Aesthetics Asia 2013: Aesthetics & Plastic Surgery Medical Tourism in Singapore. Some Help please?
The perception of beauty in society is getting very clinical (pun intended). Besides putting our best foot forward each day, we are also pressured to look our best at any given time and day. We all know about the perception of beauty in Korea. We are too familiar with that, but what about other popular neighbouring countries that people visit in the name of beauty enhancement?
Japan, the land of the rising sun. To promote medical tourism, the Japanese government issues six-month entry visas to travellers entering Japan to receive medical care, double the duration of regular tourist visas.
But what about her Asian neighbour government's focus on making medical tourism the main income of its country? After all, the number of tourists visiting South Korea for cosmetic surgery has increased more than fivefold since 2009, to 15,428 last year, according to the country’s health ministry.
A total of 649,938 cosmetic procedures were performed in South Korea in 2011, according to the International Society of Aesthetic Plastic Surgery, more than 13 procedures for every 1,000 people—the highest rate of any country in the world.
Are Japanese ladies still bashful about admitting the work that they have gotten done on their face? And what about Thailand's slice of the pie?
Thailand medical tourism for plastic surgery has always marketed themselves as "affordable", "cheap" and "cost-effective". The US State Department has stated that in Bangkok, 'excellent facilities exist for routine, long-term and emergency health care' were given while the UK Foreign and Commonwealth Office added that Bangkok has 'excellent international hospitals', according to Metamorphosis Medical Retreats.
We know of many Singaporeans, male and females alike, who have gone to Thailand for liposuction, nose and breasts augmentations. While we question, "Why not Korea?", shouldn't we start asking ourselves "Why not Singapore?"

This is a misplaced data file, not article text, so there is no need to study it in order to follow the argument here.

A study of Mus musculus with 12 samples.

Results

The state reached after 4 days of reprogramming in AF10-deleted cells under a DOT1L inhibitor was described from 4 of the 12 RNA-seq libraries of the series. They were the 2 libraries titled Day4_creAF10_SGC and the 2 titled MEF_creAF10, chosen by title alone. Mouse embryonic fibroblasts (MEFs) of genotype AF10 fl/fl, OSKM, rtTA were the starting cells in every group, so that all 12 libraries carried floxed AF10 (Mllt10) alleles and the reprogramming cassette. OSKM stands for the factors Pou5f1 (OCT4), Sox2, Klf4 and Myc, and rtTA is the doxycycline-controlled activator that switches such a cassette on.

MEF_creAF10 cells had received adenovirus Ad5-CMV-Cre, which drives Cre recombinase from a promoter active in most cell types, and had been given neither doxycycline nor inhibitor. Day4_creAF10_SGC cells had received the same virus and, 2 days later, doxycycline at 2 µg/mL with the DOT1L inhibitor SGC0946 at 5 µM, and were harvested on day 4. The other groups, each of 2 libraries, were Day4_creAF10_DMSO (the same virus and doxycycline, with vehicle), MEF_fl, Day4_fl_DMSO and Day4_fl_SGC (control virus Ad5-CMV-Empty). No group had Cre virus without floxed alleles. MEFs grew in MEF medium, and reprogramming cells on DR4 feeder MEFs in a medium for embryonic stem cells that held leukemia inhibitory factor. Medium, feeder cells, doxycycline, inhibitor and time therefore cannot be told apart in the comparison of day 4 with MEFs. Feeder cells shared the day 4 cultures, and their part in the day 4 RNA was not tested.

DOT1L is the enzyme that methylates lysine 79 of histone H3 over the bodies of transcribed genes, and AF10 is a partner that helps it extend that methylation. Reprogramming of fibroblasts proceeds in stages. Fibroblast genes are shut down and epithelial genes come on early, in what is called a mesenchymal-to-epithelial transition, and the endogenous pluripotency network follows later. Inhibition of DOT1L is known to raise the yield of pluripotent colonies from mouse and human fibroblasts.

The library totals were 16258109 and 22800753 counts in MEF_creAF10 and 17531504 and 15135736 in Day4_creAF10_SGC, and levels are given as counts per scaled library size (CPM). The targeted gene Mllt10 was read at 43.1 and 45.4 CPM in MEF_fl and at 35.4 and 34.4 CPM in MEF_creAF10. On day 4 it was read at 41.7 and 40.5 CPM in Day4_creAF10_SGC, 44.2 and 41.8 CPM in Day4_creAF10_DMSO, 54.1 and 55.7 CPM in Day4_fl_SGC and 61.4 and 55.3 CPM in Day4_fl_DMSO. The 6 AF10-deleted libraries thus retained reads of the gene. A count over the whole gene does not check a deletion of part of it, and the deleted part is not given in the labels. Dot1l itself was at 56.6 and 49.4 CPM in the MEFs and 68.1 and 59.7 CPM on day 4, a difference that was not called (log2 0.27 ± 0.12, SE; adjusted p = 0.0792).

Singapore has been the trusted medical hub in Asia, albeit perhaps we are more known for our medical and scientific advancements for health such as Cardiology, Neurology, Obstetrics and Gynaecology, Orthopaedics and Paediatrics among others, rather than aesthetics and plastic surgery. We are also known as "The World's Choice Healthcare Destination".
We see a lot of visits for medical health reasons from India, UAE and especially Indonesians. But we hardly hear of anyone coming here for plastic surgery.
"Singaporeans are the driving force behind Indonesian doctor Arthur Tjandra's success - at his 18,000 sq ft Medan clinic Elixir de Vie, up to 90% of those who come in for a nip and tuck are Singaporeans… Dr Tjandra charges $650 per area while prices in Singapore generally start from $2,000," Straits Time reported 3 years ago.
It was also reported that Singaporean doctors are trying to beat the overseas competitors at their own game. At Aesthetics Asia 2013, Dr Apratim Goel from India gave a talk on 'Setting and Marketing your Aesthetic Practice'. But the guidelines of advertising and marketing for local practioners are so tight and square, we are afraid we might not be able to escape the monthly letters doctors receive regarding 'the contravention of regulation under the PHMC (Publicity) regulations.
Excuse me, Ministry of Health, isn't it time for an opinion makeover? Perhaps, you could be more lenient in allowing more marketing and advertising space and creative freedom for our very own local doctors?
Before they take their practise elsewhere.